HistoryThesen Islands is steeped in the history of the Southern Cape. It is situated in the midst of the tranquil waters of one of the richest ecological estuaries in South Africa – home to the rare and endangered Knysna sea horse, Hippocampus capensis.
Legend has it that the San – or Bushmen – were the earliest inhabitants of the island. Later, settlers made the area their home, drawn by the rich indigenous forests where herds of the famous Knysna elephant roamed. The island became known as Paarden Island – ‘Horse Island’.
The name Thesen has its origins in faraway Norway. In July 1869, Arndt Leonard Thesen, a prominent timber merchant from Stavanger in Norway left his hometown with his wife and nine children, planning to start a new life in New Zealand. After their ship, the Albatross, ran into difficulties near Cape Town, Arndt Thesen decided to stay on in South Africa. The Thesens settled in the picturesque town of Knysna, surrounded by indigenous forests, where they started a timber trading company. In 1904 his son Charles Wilhelm Thesen bought Paarden Island, located in the Knysna River estuary. In 1922 he established a timber processing plant on the island, which soon became known as Thesen Island.
In the early 1980s Barlows, one of South Africa’s industrial conglomerates, purchased the island and its timber treatment plant from Thesen and Company. Barlows soon realized that the timber processing activities could not be continued on this island located in the midst of such a scenic and eco-sensitive lagoon. At the same time there was growing community concern about the environmental and industrial pollution caused by the factory's activities. As a result the plant’s doors were finally closed. In the ensuing years the abandoned derelict buildings, machinery and waste dumps increasingly turned into an eyesore and a health hazard.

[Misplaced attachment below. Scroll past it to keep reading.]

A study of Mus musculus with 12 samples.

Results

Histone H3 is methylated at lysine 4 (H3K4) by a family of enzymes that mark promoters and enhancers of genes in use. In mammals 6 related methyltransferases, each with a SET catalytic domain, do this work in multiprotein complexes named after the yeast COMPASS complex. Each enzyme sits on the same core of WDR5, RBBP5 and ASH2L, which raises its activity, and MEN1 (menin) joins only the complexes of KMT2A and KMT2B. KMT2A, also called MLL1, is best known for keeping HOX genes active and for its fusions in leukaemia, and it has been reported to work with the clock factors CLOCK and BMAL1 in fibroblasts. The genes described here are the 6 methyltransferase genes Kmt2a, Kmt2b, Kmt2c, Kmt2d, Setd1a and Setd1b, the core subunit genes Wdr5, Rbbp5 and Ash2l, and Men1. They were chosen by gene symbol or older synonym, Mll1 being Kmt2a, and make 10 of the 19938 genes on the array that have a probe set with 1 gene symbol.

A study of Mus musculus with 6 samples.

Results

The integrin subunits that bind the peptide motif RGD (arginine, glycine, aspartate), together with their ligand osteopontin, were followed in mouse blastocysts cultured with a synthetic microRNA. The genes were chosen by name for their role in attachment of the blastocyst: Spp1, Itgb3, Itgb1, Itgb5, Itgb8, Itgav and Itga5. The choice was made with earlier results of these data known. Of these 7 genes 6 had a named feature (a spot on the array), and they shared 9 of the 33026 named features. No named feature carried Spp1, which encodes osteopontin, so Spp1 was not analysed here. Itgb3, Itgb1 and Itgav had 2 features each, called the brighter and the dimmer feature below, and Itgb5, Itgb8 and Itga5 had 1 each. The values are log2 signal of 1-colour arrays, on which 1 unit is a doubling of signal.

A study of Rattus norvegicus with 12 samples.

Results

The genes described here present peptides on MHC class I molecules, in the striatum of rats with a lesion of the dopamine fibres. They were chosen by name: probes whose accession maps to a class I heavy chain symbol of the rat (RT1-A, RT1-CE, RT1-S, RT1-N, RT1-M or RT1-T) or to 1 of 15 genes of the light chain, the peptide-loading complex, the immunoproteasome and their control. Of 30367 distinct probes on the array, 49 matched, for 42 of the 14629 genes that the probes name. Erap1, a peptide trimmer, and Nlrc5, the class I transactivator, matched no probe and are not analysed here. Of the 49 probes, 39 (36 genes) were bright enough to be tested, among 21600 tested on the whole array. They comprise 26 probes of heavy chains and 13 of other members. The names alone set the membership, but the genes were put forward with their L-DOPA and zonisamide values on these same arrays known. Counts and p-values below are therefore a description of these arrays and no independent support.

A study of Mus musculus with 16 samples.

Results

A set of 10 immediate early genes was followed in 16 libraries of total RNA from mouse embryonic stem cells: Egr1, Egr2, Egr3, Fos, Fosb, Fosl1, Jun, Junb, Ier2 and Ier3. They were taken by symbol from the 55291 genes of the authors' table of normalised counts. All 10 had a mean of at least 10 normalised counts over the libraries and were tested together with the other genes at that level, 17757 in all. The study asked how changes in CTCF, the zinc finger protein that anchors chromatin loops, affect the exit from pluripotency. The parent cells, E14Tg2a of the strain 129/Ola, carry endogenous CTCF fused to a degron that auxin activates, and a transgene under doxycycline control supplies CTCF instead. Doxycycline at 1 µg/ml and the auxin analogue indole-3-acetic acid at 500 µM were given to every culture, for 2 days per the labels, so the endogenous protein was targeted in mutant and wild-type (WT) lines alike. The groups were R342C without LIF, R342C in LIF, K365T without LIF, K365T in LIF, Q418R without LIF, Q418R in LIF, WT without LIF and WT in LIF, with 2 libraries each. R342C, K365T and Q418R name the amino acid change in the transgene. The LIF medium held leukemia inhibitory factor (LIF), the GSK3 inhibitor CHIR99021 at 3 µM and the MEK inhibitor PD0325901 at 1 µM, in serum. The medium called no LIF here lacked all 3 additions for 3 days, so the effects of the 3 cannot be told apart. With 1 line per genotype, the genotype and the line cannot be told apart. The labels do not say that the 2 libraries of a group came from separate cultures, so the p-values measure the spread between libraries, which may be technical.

In 1991 Dr. Chris Mulder, a South African environmental engineer who received his doctorate in environmental design in Houston, USA, proposed a complete redevelopment of the island into a unique residential marina.
As the Knysna River estuary is one of the most sensitive ecosystems in the country and a major tourism attraction, the development of Thesen Islands called for extremely careful and sensitive planning covering ecological, architectural, engineering, aesthetic, social and cultural criteria. After eight years of research and planning by Dr. Mulder and his team, approval was finally granted in December 1998 – but with over one hundred strict and complex conditions. In all, ten years passed from initial concept to final approval, involving twenty-five alterations to the master plan!